When a loved one dies, there are various things you and your loved ones will have to do to handle his or her estate. This can be a difficult process, especially if you are in a time of grief and upheaval due to the loss. Administering an estate is a tremendous responsibility, and you would be wise to learn what your expectations are and how you should proceed.
As the executor of an estate, you have the responsibility to take certain steps to wrap up the financial affairs of the deceased. This can be a daunting task, and it helps to be prepared and reach out for help. Your Illinois family does not have to walk through this process alone.
When drafting a will, a person may name a friend, loved one or trusted individual to act as the executor of the estate. If a will does not name a specific person, the court may appoint someone else to act in this capacity. As the executor of the estate, you will have certain responsibilities you must handle, including the following:
Locating all of the assets owned by the deceased and associated with the estate
Contacting and informing all of the heirs, beneficiaries and others mentioned in the will
Filing the will with the right probate court within the appropriate amount of time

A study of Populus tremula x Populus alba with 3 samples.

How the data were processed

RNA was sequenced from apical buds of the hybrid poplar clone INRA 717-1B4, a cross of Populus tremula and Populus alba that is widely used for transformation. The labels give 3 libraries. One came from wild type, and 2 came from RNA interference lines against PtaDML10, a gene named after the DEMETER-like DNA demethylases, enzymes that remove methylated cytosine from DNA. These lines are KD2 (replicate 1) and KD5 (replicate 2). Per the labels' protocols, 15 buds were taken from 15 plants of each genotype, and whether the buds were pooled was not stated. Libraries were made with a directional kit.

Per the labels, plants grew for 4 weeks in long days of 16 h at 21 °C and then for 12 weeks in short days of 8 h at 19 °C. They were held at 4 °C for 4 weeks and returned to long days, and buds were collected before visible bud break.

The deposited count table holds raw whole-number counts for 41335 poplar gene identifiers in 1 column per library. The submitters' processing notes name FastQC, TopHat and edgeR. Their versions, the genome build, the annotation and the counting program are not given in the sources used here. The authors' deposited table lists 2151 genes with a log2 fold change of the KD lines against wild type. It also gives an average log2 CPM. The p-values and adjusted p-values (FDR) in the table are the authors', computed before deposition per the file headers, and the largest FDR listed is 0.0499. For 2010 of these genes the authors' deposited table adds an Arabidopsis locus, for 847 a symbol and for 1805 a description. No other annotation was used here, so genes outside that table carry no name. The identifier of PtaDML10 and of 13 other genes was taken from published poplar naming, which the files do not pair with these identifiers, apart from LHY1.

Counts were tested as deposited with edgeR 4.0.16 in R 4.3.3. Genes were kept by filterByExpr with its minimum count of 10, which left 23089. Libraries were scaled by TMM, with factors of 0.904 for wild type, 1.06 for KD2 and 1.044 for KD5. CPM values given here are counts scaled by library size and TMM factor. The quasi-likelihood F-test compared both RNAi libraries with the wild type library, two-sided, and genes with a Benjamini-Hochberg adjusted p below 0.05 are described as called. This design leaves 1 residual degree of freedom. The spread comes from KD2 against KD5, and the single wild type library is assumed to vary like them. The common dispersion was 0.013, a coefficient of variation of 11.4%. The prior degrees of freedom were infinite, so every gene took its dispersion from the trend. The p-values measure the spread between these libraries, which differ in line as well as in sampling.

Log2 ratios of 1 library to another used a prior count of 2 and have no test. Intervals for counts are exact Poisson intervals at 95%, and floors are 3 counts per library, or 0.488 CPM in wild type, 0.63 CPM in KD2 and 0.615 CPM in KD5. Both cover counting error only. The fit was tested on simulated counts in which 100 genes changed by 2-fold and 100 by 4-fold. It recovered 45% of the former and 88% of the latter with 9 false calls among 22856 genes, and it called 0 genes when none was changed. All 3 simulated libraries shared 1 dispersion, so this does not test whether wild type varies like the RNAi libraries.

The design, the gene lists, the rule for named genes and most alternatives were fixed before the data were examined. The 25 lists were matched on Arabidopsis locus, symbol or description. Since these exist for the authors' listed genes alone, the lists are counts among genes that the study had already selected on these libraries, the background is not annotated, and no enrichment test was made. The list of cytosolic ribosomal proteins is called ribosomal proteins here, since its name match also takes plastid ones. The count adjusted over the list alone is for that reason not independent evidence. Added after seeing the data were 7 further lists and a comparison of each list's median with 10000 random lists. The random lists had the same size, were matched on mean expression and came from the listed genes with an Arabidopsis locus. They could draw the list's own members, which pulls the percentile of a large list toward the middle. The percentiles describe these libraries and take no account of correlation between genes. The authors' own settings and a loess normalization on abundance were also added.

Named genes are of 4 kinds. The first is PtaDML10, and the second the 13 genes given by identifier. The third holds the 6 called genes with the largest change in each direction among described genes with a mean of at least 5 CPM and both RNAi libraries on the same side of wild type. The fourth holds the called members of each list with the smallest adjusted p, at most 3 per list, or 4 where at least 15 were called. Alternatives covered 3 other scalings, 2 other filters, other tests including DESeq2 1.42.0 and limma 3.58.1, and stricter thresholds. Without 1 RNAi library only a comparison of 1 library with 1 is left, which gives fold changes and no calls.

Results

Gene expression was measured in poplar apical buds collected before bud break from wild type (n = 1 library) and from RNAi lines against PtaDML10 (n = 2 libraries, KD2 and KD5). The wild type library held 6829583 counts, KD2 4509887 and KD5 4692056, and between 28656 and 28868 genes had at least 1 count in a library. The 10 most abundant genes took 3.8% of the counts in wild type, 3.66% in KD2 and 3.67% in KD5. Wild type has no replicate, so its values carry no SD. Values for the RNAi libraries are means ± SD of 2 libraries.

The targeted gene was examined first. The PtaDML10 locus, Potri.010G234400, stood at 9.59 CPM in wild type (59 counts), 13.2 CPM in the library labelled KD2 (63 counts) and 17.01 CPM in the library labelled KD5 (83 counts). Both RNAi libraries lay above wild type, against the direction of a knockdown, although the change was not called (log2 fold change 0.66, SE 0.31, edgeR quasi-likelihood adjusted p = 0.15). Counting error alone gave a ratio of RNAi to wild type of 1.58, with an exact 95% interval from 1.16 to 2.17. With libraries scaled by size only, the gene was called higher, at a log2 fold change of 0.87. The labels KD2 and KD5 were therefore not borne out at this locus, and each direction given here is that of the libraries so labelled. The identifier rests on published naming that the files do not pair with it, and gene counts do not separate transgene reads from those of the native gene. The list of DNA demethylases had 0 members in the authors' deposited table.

Finding out if there are any disputes and deciding if probate will be necessary
Making payments owed by the estate, paying final taxes and handling any remaining debts
Doing other things required to wrap up the estate of the deceased
Giving property to heirs and distributing property according to what is in the will
Executing a will and administering an estate is not always easy, and it can take months or longer to complete. It may be beneficial for you to seek guidance in order to prevent mistakes that could disrupt or extend the process.
It is an overwhelming process to settle an estate, wrap up the affairs of a loved one and make sure to honor the wishes expressed in his or her will. If your family is facing this task, involved in a dispute over estate administration matters or wants to know how to avoid problems, it is prudent to seek help as soon as possible. Discussing your case with an experienced attorney can help you understand your rights and options.